DC leaders seek statehood, defend criminal code against Congressional Republicans

Before passing a controversial crime bill, D.C.’s council members and criminal justice experts worked for 16 years to craft it. Now, it’s getting pushback from Congressional Republicans, who could block it.

D.C. leaders point to their involvement as yet another reason why the city deserves statehood.

The District’s council overrode a mayoral veto and passed the Revised Criminal Code earlier this year. D.C. Del. Eleanor Holmes Norton said it’s now the subject of conversation in Congress.

“There’s been some disagreement, not much, but some disagreement on this new criminal code,” Holmes Norton noted during a news conference on a new statehood bill.



Among those in opposition to D.C.’s criminal code is Republican Rep. James Comer of Kentucky, who said in a statement the council “wants to go even easier on criminals which will turn D.C.’s crime crisis into a catastrophe.”

Comer’s office did not provide specifics as to what he opposes in the bill.

“This is another example of why D.C. statehood is so important, because it’s simply wrong to have members of Congress trying to veto and impose their will on the people of the District of Columbia,” said Maryland Sen. Chris Van Hollen.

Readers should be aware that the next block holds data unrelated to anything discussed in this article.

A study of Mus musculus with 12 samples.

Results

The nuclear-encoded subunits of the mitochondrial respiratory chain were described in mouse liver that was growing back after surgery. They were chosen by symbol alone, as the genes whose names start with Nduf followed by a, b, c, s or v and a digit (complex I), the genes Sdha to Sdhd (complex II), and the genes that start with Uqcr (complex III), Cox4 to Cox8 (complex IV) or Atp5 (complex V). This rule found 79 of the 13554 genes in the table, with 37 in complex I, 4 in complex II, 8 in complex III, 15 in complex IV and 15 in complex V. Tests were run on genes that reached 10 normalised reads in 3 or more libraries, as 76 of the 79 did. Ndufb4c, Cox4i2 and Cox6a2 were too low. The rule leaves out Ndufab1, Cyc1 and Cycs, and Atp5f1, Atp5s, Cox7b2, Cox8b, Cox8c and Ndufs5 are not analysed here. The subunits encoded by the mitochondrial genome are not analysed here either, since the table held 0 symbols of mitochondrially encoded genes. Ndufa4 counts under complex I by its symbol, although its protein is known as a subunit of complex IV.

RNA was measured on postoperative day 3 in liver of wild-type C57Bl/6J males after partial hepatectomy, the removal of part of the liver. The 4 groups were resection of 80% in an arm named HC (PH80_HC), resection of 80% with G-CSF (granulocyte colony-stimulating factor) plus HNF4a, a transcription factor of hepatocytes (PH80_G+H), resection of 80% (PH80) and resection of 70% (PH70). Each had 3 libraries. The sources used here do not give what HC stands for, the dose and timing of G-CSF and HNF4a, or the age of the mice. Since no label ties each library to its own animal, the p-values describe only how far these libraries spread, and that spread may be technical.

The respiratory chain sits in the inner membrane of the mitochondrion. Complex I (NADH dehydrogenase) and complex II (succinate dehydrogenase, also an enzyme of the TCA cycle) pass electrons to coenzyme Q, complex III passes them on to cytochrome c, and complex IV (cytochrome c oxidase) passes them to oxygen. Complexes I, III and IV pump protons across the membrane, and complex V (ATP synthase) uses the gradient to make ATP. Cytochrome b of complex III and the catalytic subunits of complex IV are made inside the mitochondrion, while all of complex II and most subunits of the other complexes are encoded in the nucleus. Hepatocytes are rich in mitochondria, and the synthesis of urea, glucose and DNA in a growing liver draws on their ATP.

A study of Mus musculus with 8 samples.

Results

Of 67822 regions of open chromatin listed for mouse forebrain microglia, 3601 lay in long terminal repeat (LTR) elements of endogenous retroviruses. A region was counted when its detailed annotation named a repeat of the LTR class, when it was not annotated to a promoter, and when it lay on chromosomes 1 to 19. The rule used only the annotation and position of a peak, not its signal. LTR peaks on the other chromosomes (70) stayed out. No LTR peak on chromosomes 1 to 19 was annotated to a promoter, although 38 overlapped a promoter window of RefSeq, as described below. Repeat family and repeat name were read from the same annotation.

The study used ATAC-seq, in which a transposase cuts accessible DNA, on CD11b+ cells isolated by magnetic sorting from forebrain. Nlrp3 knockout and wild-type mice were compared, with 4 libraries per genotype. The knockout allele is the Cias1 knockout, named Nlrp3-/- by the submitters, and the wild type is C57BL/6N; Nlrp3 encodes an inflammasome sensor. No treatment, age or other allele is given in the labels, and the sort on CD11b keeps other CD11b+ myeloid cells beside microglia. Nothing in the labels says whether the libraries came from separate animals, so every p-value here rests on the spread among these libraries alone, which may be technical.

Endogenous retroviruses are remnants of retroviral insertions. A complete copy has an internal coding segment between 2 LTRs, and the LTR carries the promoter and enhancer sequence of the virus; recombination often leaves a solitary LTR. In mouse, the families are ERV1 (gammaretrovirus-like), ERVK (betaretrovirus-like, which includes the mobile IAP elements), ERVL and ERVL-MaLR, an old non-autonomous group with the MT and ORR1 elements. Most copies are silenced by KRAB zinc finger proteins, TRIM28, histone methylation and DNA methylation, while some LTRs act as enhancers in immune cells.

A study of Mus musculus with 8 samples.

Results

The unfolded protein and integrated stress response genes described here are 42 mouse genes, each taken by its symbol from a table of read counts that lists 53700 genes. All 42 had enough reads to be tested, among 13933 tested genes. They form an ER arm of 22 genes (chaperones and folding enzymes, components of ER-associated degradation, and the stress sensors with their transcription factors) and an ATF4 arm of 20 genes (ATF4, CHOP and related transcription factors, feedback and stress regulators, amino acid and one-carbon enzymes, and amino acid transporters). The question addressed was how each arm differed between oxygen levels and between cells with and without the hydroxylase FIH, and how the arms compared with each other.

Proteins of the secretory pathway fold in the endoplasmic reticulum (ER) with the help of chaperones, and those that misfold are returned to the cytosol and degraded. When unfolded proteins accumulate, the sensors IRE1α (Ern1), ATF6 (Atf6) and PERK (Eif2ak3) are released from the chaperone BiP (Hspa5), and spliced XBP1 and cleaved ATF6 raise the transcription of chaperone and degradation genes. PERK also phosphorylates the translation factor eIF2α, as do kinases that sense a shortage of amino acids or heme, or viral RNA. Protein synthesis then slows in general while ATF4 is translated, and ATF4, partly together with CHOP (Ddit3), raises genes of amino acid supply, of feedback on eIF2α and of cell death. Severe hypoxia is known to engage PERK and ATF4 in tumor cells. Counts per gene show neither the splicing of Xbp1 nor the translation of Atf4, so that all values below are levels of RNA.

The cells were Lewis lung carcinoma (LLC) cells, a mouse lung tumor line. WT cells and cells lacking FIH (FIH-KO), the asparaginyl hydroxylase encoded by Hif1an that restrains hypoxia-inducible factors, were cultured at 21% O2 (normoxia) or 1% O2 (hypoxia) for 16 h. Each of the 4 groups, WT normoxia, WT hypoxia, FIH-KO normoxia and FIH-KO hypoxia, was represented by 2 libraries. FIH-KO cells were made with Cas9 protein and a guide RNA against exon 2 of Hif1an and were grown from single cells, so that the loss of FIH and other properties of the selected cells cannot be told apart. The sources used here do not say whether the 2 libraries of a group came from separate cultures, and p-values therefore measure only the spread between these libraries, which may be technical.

Van Hollen is supporting the statehood bill being reintroduced by Sen. Tom Carper of Delaware.

Carper and a group of Senate Democrats are backing the Washington, D.C. Admissions Act to ensure the city’s 700,000 citizens have full representation.

As the last Vietnam veteran serving in Congress, Carper said he takes exception to the 14,000 D.C. residents who are actively serving the U.S. in the military with no vote.

“More than 14,000 D.C. residents are currently serving in the military today and can be sent into battle in a war about which they had no say in fighting,” Carper said.

Last year, legislation for D.C. statehood received a full vote in the House, but failed to move forward. With a divided legislature, Holmes Norton acknowledged it will be hard to push what she calls “critical” legislation forward.

Megan Cloherty

WTOP Investigative Reporter Megan Cloherty primarily covers breaking news, crime and courts.